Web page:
If you're looking for a dog to join you in your outdoor exploits, let this guide help you determine which ones could work best for your lifestyle


Sled dogs

Sled dogs are immortalized each year in the Iditarod Trail Sled Dog Race, pulling their mushers hundreds of miles across harsh Alaska terrain. The large, powerful breeds usually pulling sleds are the Siberian Husky, Alaskan Malamute, Samoyed, Eskimo dog and the Laika. Huskies were raised by the Chucki people of Siberia, who valued it as a sled dog, companion and guard. They were first brought to Alaska in 1909 for sled dog races and soon became consistent as winners.


Rescue/avalanche dogs

The Saint Bernard is probably the best known of the rescue dogs: the classic image of the large breed romping over snow to find a buried person, a cask of brandy bouncing under its chin.


It generally takes about three years for avalanche dogs to be fully trained. Taught to dig and bark to indicate their findings, avy dogs can learn to run between their handler's skis to help protect their paws from the sharp edges of the skis. In Canada these dogs are taught "long-lining," where the dogs and their trainers are lowered to a mountainside from a long rope dangling from a helicopter. The practice is not allowed in the U.S. The average career for a rescue dog is about 8 to 10 years.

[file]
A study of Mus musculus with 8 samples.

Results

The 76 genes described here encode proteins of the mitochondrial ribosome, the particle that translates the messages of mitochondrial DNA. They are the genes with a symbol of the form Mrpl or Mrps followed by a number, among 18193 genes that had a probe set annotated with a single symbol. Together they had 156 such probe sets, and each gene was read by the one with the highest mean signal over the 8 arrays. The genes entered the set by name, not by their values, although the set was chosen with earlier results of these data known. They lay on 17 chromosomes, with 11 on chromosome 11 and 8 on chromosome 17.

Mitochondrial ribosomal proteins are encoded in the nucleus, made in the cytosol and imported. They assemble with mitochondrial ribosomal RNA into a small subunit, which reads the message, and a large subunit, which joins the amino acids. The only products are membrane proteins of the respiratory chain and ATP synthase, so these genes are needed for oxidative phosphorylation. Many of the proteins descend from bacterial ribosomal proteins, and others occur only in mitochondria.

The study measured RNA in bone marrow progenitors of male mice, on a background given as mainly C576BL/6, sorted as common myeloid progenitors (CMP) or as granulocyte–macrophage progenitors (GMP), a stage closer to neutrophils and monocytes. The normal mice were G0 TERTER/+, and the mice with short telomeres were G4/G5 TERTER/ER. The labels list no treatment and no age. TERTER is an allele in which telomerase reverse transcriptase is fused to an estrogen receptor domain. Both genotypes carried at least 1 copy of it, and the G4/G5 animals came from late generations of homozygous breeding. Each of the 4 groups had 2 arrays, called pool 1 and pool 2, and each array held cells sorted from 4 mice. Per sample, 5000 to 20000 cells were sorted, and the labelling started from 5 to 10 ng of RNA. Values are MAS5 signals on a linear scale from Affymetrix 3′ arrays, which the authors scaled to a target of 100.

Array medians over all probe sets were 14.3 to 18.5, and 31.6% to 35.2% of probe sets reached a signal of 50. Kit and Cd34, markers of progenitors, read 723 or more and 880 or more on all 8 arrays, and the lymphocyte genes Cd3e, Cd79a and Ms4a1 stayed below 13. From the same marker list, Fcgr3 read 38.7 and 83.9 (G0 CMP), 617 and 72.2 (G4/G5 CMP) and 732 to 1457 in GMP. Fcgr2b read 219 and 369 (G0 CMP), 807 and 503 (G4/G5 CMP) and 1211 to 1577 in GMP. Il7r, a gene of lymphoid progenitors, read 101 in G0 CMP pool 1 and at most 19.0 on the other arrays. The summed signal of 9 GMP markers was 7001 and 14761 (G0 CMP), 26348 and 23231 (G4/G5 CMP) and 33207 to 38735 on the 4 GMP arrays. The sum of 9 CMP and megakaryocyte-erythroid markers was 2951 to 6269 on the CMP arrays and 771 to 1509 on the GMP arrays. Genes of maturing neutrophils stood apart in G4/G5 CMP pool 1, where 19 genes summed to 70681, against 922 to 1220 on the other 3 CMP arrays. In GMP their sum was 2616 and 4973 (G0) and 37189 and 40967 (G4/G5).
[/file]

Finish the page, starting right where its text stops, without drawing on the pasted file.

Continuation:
Hunting dogs

With pictures of Labradors and Golden Retrievers splashed across hunting magazines and TV shows, retrievers are probably the most recognized hunting dogs. Still, there are more hunting breeds than that. Tracking dog breeds include Coonhounds, Beagles, Foxhounds, Pointers and Flushers. Each has a specific job to do, depending on what the hunter is going for.


Farm and ranch dogs

In Central Oregon, ranch or farm dogs are a pretty common sight. Sometimes you can see them riding in the back of a truck bed, or if they're really trained, on the back of a flatbed truck. Farm dogs are generally divided into the categories of guard, herding or pest control dogs.


Herding dogs take livestock out into fields and return them at night. Common herding dogs include the Australian Cattle Dog, Belgian Shepherd, Border Collie, Rottweiler, heelers and the Welsh Corgi.

Meanwhile, even little dogs can do important work. Pest dogs are used to control things like mice and rats on farms that would otherwise destroy crops. Dachshunds and many terriers are considered good pest control dogs.